With the increased use of social media by financial services industry participants, more activity and scrutiny can be expected from financial regulators. This is not to mention the litigation from investors that could arise out of, for example, the misinterpreted or well-meaning post from an advisor that simply did not translate to “less than 140 characters.” It appears that there is a trend (amongst at least the larger financial institutions) that a united and pre-approved voice is best for now.
Social Media has become a critical business tool for financial advisors. A recent study of the use of social media in the financial services industry concluded that 7 in 10 financial advisors are already using social networks for business purposes as illustrated by the following excerpt:
With a business that is fueled primarily by networking, advisors are increasingly integrating social media as a core element of their marketing efforts. This comes as no surprise, given the adoption rates of their prospective clients: According to Forrester Research, two-thirds of U.S. Online adults with an investment account now have social network profiles.
Indeed, after concluding a year long trial involving 600 employees, financial giant Morgan Stanley recently announced that it plans to give its roughly 17,000 financial advisors at Morgan Stanley Smith Barney partial access to Twitter and LinkedIn over the next several months. Morgan Stanley’s big roll out has been widely criticized for its somewhat conservative approach which calls for its financial advisors to draw from a prewritten library of Twitter messages, e.g., “Morgan Stanley Advisors Take To Twitter To Do Nothing Very Interesting.” The company apparently decided to shelve an experiment that allowed a handful of investment advisors to compose their own Twitter messages. Its investment advisors also must submit all LinkedIn postings for approval.
This criticism may be easy to dish out for those whose Twitter feeds are not regulated by several state, federal and even international regulators. Financial services industry participants — particularly large institutions such as Goldman Sachs (which sent its first “Tweet” at the end of May of this year) — have to balance the spontaneity of social media with the competing concerns of the protection of its investing public and the potential costs associated with disregarding those concerns in a regulatory climate that has latched on to social media as a paramount concern to the investing public. It was recently reported by Reuters that FINRA, the Financial Industry Regulatory Authority, asked questions about social media in more than 1,000 brokerage examinations since mid-2010. Not having a social media policy in place — even one prohibiting the use of social media – was the most common violation of industry regulations. See prior blog post here concerning prior industry guidance on these policies. According to Amy Sochard, FINRA’s director of advertising regulation, the second most common industry violation was failing to enforce those existing social media policies, whether through record keeping or the storage of electronic communications. In this regard, Reuters recently reported that at least one registered investment advisor (disclosing on the condition of anonymity) was issued an exam deficiency letter by a state securities regulator which cited deficiencies relating to the failure to create and outline proper procedures for social media use, its failure to train its employees in those procedures, and the failure to check up on the activities of its employees on LinkedIn and Facebook, even though the company had hired an outside company to save messages employees sent through the sites.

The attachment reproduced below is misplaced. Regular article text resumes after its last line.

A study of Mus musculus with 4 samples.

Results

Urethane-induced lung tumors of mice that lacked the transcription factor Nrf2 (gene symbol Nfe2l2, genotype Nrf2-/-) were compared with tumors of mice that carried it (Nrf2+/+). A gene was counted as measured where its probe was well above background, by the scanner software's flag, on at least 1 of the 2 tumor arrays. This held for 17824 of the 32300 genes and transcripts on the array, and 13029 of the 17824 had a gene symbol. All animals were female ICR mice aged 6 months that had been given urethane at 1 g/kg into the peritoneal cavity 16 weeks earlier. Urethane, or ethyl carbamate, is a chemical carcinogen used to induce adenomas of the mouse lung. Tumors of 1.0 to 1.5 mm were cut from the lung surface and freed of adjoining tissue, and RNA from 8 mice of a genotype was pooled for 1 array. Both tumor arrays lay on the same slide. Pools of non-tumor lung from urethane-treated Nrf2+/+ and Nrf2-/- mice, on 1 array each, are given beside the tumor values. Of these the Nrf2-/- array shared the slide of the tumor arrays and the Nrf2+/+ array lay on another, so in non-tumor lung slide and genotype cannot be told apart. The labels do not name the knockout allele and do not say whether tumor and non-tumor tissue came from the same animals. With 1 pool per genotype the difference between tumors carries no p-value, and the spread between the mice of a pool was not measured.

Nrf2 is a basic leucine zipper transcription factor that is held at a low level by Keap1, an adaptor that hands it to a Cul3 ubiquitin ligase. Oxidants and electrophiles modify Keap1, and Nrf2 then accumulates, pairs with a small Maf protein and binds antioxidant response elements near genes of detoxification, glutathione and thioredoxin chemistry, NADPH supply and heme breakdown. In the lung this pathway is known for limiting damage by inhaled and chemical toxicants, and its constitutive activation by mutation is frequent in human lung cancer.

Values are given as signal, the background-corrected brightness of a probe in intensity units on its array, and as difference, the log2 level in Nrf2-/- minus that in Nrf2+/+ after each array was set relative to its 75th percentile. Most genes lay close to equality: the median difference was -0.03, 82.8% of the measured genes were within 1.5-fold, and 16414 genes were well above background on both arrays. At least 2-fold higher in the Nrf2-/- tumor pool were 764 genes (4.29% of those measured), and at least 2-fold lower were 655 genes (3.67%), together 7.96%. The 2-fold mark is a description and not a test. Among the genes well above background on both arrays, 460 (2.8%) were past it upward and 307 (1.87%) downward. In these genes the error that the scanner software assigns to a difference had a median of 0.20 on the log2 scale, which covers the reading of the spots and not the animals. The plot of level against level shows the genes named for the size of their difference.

Pre-approved social media content also alleviates the need for dedication of additional compliance resources — a cost-center that is typically stretched too thin. Similarly, outsourcing review and approval of the content of social media (as opposed to outsourcing a recordkeeping function), is likely not an option for a prudent entity or advisor, particularly with FINRA’s increased expression of interest concerning outsourcing and vendor selection in the industry as reported in Notice 11-14, which sought comment on proposed FINRA Rule 3190 concerning vendor selection and outsourcing. In any event, the ultimate responsibility for compliance with securities laws and rules rests with the firm.
For services that are supposedly free of charge, the increasing prevalence of social media in the financial services industry is coming at quite a cost to those ultimately responsible for its content. Many things — such as the use of email, advertising and financial information, to name a few — are simply different for those involved in the financial services industry because they face the added burden of a complex web of securities laws, external regulators and their rules, as well as internal compliance codes and legal regulations. Social media, the Johnny-come-lately, is proving to be no less complex of an issue — far from it.